Can Float Therapy help with addiction?




It doesn’t matter who you are or where you come from, in some way shape or form you’ve probably felt the ripples of addiction somewhere, somehow in your community. Addiction is a non-biased disease, it affects all walks of life and not only those individuals who are struggling but also the families, friends and community that surrounds them.



This is a major issue that is affecting the global populace without many affordable, consistent or effective treatments that can lead to long term, sustained recovery. Traditionally, the methods used to battle addiction are medication, therapy and/or rehabilitation stays. What if there was something else for people to try that was basically just salt and water? As simple as doing nothing?


Enter REST and Float Therapy.


Recent research studies from The National Centre for Biotechnology Information (NCBS) show that float therapy may be a viable resource for people struggling with addiction. The study explains that, “Restricted environmental stimulation therapy (REST) is offered as a useful, flexible tool that can facilitate change in addictive variables at each level of complexity, from habitual acts through attitudes to self-concept and spirituality.”(1)


Over the years, we’ve heard that regular floating can help our clients transform their behaviours and adopt healthier habits, but how exactly does it work?


“The nature of REST is discussed in terms of processes and effects. Basically two processes, refocusing and rebalancing, contribute to the various physical and mental effects of restricted environmental stimulation. These effects include profound relaxation, relief from pain, and a shift in consciousness to a state that is more introspective, less defensive, and more receptive….


The characteristics of the REST experience that make it effective in treating addictions are discussed as follows: 1) the induction of a general relaxation response 2) substance misusers f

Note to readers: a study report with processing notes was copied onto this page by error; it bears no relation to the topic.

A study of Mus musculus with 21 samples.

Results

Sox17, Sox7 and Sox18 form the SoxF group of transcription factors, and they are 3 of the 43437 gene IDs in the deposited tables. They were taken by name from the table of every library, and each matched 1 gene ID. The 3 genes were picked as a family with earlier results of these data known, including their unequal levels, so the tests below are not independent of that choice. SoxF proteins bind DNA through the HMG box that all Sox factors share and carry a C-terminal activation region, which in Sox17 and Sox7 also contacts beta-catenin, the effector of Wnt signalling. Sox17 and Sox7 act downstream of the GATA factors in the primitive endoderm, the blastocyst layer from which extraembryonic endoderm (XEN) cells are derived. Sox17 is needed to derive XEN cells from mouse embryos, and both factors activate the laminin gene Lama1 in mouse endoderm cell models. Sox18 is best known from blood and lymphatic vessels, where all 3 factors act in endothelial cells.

ind serenity and relief by non-chemical means 3) internal refocusing to concentrate on personal problems 4) disruption of habits through removal of trigger cues and response possibilities 5) increased feelings of control over addictive behaviours, and 6) enhanced learning processes.”(1)


Most addicts turn to their vices to provide comfort during times of stress. They do this compulsively, and feel as though there is no other way to find relief. Dr. Borrie proposes that when an addict engages in REST, they discover that they can potentially relieve that stress in a completely different manner. That discovery is exactly what Dr. Borrie refers to as the “disruption of habits” and “increased feelings of control” that can be critical to altering behavioural patterns. For example, in studies that combine float therapy with receiving anti-smoking messages, former smokers who utilise REST were less likely to start smoking again than those who don’t.(2).



Similarly, reducing stress is a known way to help prevent relapse for recovered alcohol and drug addicts, and coincidentally float therapy has been shown to significantly lower stress.


Let the truth be told that dependencies aren’t solely limited to just drugs and alcohol. They can also include our emotional responses, the relationships we share with each other, our career paths and even the “screen time” spent daily on the phone or TV. We all face addictions in someway; flotation therapy could be the method to break those behavioural patterns and take the next steps towards a healthier and more balanced lifestyle.


Flotation therapy is a simple method of holistic healing that has proven to help millions of people from all different walks of life around the world. It may not be the end-all, be-all cure for addiction, but there’s proof in the pudding that it can help.


The most recent research suggests that float therapy can be an effective supplement to treatment programs for substance abuse and addiction. The first step has to be a commitment to yourself to heal.


When you are ready, Help is here for you.


Works Cited

(1)Borrie, R A. “The Use of Restricted Environmental Stimulation Therapy in Treating Addictive Behaviors.” The International Journal of the Addictions., U.S. National Library of Medicine, www.ncbi.nlm.nih.gov/pubmed/2131327.

(2)Restricted environmental stimulation therapy of smoking: A parametric study. Peter Suedfeld, Gloria Baker-Brown. Addictive Behaviors, 1987.